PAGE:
Interpreting is important. So is translation.
Interpreting – the spoken word. Translation – the written word.
As a healthcare provider, you already know that communication is the key to excellence in the patient experience. For your non-English-speaking patients and their families, medical scenarios can be confusing and even frustrating. You’re taking steps to make sure that medical interpreting services are available to those who need them. Are you making the same effort when it comes to translation of your written communications?
Here are some dos and don’ts to consider when seeking medical translation services.
What should you be translating?
But wait! Before we dive into the dos and don’ts, let’s take a moment to define what we mean by “written communications.”
- Pre- and post-care instructions are among the most critical of patient communications. Whether or not they are followed to the letter can have an enormous impact on the outcome of care and the chance of readmittance.
- Intake/discharge documents and forms can be especially confusing for your limited English proficient (LEP) patients. Translating these documents accurately will help streamline processes, increasing patient satisfaction and making things easier and more efficient for your staff.
- Brochures and informational handouts can be found in every exam room, waiting area, admissions desk, etc., and can be invaluable tools in helping patients and their families understand conditions and manage expectations.
- Online resources such as websites, patient portals, and informational videos should not be neglected.
Don’t forget translation to English! If your patient was previously treated in a different country, it is likely their records are in another language. Accurate medical record translation will give you the information you need to provide the best possible care.
DON’T use bilingual employees. DO use professional translators.
In healthcare, your bilingual employees can be enormously helpful. They can also become huge liabilities when not professionally trained (see our blog post on the topic here). No matter their level of medical expertise, they are not professional translators. Much like interpreting, translation is a special skill and requires very specific training.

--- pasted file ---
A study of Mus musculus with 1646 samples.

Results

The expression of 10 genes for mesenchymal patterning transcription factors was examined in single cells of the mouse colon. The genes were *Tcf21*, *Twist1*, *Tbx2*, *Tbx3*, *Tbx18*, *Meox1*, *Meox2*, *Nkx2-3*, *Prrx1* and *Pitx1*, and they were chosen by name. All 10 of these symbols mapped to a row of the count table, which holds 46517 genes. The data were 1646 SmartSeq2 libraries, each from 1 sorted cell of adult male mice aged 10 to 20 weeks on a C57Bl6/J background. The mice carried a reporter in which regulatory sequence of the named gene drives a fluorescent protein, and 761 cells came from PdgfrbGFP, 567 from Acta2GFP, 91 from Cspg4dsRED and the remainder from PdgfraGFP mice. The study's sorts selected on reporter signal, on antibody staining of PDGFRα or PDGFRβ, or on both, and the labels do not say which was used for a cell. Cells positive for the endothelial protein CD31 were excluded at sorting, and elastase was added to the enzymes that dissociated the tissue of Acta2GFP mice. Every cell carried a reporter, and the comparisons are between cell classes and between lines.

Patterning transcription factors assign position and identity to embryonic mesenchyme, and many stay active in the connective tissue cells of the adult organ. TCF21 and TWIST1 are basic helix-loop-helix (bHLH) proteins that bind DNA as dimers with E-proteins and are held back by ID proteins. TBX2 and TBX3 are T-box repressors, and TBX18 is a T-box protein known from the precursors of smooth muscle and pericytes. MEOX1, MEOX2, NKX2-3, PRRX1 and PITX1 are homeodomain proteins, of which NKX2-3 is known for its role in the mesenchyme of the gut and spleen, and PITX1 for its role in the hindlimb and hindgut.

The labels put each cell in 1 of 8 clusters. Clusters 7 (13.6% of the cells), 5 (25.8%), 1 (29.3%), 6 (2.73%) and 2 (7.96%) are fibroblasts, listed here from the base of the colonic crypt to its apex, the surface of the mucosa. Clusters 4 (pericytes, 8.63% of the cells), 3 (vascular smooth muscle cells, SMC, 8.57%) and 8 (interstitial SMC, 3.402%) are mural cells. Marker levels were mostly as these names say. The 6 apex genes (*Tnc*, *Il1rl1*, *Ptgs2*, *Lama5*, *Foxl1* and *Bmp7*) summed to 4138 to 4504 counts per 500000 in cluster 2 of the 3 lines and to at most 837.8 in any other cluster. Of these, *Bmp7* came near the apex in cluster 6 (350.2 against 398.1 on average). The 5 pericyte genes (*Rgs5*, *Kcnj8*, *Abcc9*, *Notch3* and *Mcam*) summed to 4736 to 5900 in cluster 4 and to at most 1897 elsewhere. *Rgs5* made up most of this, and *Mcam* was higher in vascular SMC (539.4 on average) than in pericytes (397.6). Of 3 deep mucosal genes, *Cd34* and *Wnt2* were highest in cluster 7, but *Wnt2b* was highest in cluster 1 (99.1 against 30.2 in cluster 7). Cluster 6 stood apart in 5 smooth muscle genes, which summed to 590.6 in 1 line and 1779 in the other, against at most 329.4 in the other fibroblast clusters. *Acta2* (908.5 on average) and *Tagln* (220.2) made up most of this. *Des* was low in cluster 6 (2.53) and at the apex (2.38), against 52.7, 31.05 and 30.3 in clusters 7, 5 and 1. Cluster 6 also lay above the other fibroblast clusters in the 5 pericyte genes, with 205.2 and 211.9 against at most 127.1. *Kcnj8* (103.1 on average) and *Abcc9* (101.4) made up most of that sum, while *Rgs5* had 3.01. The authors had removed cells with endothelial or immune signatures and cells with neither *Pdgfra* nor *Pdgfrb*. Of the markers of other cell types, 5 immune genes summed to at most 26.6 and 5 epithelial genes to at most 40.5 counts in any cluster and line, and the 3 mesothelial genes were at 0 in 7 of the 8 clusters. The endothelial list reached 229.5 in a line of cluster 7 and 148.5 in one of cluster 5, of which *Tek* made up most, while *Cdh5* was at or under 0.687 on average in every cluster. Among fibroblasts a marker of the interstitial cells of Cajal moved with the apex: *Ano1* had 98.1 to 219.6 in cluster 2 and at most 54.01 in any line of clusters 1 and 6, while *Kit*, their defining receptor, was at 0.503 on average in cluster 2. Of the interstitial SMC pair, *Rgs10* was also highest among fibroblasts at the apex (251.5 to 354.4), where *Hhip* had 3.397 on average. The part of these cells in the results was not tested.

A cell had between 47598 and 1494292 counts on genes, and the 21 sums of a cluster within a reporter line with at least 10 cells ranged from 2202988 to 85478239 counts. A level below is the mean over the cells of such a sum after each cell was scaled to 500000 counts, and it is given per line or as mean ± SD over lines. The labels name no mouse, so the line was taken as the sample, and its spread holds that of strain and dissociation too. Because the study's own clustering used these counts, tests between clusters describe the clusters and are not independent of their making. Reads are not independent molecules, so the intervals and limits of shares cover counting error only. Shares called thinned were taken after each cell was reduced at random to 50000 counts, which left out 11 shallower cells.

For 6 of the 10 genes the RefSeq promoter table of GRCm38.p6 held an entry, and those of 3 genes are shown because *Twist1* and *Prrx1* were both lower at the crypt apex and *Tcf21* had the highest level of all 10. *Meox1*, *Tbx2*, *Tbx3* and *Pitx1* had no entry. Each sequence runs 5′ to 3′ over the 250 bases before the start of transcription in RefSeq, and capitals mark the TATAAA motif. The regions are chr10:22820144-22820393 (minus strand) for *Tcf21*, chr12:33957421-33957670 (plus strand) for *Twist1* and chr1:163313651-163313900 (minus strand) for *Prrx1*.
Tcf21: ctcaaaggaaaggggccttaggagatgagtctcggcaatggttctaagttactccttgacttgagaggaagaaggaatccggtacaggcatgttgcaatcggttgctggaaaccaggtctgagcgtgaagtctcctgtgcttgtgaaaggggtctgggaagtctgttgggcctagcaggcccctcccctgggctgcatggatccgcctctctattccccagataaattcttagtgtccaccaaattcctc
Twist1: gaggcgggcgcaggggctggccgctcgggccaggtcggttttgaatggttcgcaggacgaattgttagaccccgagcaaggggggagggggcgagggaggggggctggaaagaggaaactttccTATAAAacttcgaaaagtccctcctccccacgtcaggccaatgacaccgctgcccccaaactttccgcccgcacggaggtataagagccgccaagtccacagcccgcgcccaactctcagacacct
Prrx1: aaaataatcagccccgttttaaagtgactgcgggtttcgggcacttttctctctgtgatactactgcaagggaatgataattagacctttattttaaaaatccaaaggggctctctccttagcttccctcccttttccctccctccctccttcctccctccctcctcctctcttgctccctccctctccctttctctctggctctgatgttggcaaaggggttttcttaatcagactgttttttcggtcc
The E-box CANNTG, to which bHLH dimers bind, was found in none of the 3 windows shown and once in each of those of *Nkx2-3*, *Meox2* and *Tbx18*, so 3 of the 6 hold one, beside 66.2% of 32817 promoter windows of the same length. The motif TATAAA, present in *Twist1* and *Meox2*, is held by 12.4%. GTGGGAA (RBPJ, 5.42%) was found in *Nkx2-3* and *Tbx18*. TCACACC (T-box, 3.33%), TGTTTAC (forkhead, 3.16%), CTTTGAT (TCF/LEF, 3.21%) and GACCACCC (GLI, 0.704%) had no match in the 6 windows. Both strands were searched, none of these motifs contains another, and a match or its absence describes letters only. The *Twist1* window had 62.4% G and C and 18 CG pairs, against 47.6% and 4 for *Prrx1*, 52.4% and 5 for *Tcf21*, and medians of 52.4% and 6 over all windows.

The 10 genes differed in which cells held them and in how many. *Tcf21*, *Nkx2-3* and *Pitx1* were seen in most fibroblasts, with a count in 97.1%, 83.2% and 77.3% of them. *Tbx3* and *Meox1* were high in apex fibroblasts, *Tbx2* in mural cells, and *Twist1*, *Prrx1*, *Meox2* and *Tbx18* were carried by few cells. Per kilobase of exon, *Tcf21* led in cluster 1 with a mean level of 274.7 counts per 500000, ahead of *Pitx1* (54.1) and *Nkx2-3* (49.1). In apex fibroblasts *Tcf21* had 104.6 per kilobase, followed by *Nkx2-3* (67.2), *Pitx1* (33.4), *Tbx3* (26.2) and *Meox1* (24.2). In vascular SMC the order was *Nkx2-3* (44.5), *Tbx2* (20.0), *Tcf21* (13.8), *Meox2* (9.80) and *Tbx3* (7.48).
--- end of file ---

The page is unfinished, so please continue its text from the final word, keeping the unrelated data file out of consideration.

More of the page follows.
At iTi, we adhere to the highest standards for our professional translators. We’re proud of our rigorous qualification, testing and hiring process, as well as our established quality monitoring procedures. Our clients agree, and awarded our Translation Department an NPS((Net Promoter Score is a marketing research metric for client experience, based on the likelihood they would recommend a company, product or service to a friend or colleague.)) score of 89 for 2022! (For context: Starbucks, a consistent high scorer, earned 77 in 2022.)
To read more about this check out “Should my Bilingual Employees Act as Medical Interpreters?”
DON’T use an inexperienced translation company. DO use a company that has proven experience in healthcare translation.
Unless you have a dedicated team of trained medical translators on staff, you will need to use a medical translation company to handle this important task. Be sure the company has a history of working with healthcare clients.
Interpreters and Translators, Inc. has been in business for more than 36 years. We work with large health and hospital systems, multi-practice offices, and specialty wellness groups throughout the country. Our medical translators are trained in and keep up-to-date with the ever-evolving language of the medical world.
Also, before you choose a medical translation provider, ask whether they offer certified document translation. At iTi, if the accuracy of one of our certified translations ever needs to be established in a legal proceeding, the company will attest to it, even to the point of testifying in court if necessary.
DON’T use machine translation. DO use a human translator.
The use of artificial intelligence (AI) has gotten a lot of press recently, and machine translation has certainly come a long way over the last few years. But it is absolutely the wrong choice for medical translation.
In a study by the British Medical Journal, a tech-savvy clinician and consultant team chose ten phrases often used by doctors in a clinical setting and translated them into 26 languages with Google Translate. For the sake of detail, they covered languages of a wide variety of linguistic families, including 8 Western European, 5 Eastern European, 11 Asian and 2 African.
According to the study, “the algorithm did not perform well, with Western European languages approaching 74% correct rates, Eastern European languages following with 62% correct rates, Asian at 46%, and African languages finishing last at 45%. Overall the correct language percentage for all languages was 57.7%.”
Don’t assume that, because you contracted a translation company, AI is not being used for your translations! Some language companies use AI as part or even all of their process. At iTi, we only use human translators who are native speakers of the target language. Period.
DON’T wait! DO contact Interpreters and Translators, Inc. for more information.
You know we had to say it! You have questions, we have answers. Click the link below to get in touch with one of our healthcare language solutions specialists.